Vietnamese Ca Kho Recipes


Even though I live in a 9-person household, over the years baby Aria and I have become the only "omnivores". I don't know if her taste buds will change over time and she'll copy her father's vegetarian diet, but for now, Aria enjoys meat and seafood. Last evening, I prepared a typical Vietnamese meal for ourselves called "cá hồi kho nước dừa", which roughly translates to "braised salmon simmered in coconut water". As a cook and especially as a mom, I took such pleasure in watching her appreciate the meal I had prepared for her. 

The fish is cooked in a caramel sauce called "nước màu" ("colored water"), which is a "savory" sauce made of caramel where the boiling point of sugar was reached to add a brown color and to impart a slightly bitter aroma. The sauce is balanced with spicy, fresh red Thai chili peppers, ginger, nước mắm (fish sauce), whole mint leaves and green onions. My favorite way to serve this "cá kho" dish is with steamed jasmine rice and blanched Vietnamese leafy greens. It's a healthy, nutritious and complete meal. Baby Aria loved it and I'm sure you will, too. If you'd like to start with a more inexpensive fish, you could prepare the same dish with catfish or mackerel.



Cá bông lau, "catfish" in English, is a very common fish in Vietnamese cooking. There are numerous preparations, and I've shared some in the past. Today, I prepared a caramelized sauce made of ginger and kaffir lime leaves called cá kho gừng to go with the catfish. It gives the fish a lovely light brown color.

The addition of kaffir lime leaves and red chiles gives a special zing to this seafood dish. And as usual a bowl of freshly made white jasmine rice makes a superb pairing!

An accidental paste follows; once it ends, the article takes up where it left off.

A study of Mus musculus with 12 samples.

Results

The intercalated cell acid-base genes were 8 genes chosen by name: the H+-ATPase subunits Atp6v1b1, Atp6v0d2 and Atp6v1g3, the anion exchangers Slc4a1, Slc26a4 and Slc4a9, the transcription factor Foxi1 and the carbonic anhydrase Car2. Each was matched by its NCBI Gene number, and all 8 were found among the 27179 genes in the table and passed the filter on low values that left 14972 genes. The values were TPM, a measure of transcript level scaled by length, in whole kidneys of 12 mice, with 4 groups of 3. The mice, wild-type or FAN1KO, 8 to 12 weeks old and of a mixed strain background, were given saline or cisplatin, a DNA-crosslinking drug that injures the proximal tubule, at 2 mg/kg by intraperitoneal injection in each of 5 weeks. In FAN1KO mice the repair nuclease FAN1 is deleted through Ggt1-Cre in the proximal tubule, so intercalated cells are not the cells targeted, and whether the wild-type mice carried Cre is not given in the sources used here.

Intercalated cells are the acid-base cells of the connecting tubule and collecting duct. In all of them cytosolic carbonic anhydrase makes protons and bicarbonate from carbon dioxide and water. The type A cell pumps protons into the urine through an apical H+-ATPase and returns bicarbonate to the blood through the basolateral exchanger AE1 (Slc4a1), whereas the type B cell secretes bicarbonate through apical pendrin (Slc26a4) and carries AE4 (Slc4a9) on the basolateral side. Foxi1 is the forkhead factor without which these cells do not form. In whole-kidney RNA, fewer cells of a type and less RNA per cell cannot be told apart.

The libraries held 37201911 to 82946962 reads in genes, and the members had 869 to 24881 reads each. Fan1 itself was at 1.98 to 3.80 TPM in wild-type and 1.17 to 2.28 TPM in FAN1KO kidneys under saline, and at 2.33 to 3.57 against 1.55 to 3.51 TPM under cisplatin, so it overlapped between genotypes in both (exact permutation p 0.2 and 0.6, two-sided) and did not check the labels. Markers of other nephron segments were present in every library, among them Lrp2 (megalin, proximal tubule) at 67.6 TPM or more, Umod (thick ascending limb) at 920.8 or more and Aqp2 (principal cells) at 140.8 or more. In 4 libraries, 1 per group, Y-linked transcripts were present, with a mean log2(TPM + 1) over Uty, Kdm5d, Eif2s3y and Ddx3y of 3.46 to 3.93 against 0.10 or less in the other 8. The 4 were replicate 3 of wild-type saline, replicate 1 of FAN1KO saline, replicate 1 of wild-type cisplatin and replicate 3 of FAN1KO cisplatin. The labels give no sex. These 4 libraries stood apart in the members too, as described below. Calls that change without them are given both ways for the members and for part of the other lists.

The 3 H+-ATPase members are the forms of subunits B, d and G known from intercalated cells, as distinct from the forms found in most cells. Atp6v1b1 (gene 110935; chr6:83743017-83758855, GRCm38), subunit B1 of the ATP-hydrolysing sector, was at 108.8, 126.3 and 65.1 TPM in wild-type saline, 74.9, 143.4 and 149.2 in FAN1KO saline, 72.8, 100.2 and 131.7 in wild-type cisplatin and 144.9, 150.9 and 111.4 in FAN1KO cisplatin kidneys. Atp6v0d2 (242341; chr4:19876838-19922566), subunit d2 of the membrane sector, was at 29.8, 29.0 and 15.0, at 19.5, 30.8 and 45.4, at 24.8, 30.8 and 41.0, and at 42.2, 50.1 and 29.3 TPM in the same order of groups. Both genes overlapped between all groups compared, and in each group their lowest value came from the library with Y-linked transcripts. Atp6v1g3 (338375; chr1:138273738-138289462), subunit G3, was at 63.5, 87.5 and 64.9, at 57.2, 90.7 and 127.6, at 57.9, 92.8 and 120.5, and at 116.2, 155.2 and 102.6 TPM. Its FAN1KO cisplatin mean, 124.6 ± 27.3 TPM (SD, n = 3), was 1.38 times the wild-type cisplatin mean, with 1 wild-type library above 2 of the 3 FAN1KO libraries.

Cá kho literally translates to "braised fish". I cooked catfish steaks in a caramel fish sauce and let simmer until the delicate, flaky fish became an opaque white color for this fairly common Vietnamese dish.

I served the seafood dish with brown jasmine rice and leafy greens. I'm on day 2 of my "back-into-shape" plan, but don't worry, flavor is not being sacrificed!



Cá nục kho mía literally translates to "mackerel braised in sugarcane sauce". It's the fish traditionally served in  a Vietnamese claypot. The dark caramel ginger sauce is made from galangal and sugarcane juice (nước mía in Vietnamese).

Mackerel is high in Omega 3 oils but can have a strong fishy flavor. There are several steps that can be taken to ensure this dish is absolutely delicious. First, when you're at the market, make sure the fish is fresh; fresh mackerel shouldn't smell fishy. Look for clear-eyed fish with bright, shiny scales. The second step is to clean the inside of the fish thoroughly in several water baths and let the fish rest in a vinegary solution for a few minutes. The last part is to use a lot of shallots and galangal, which has a sharper, more aromatic flavor than ginger. It's slightly more expensive than ginger but it's well worth it.

I served the fish with steamed jasmine rice and sautéed rau muống (Vietnamese pea shoot tendrils) with fresh chestnuts and wood ear mushrooms.



Cá kho tộ ("braised fish" in Vietnamese) is delicious catfish simmered in a caramelized sauce with garlic, ginger, green onions, fish sauce and red chiles. What I love most about the dish is eating steamed jasmine rice with the sauce made with coconut soda.

I love seafood, but the vegetarians in my home aren't always happy with the aroma of fish wafting through the house. Braising fish in nước mắm gives a strong smell to this dish, so I don't make it very often, even though I love it.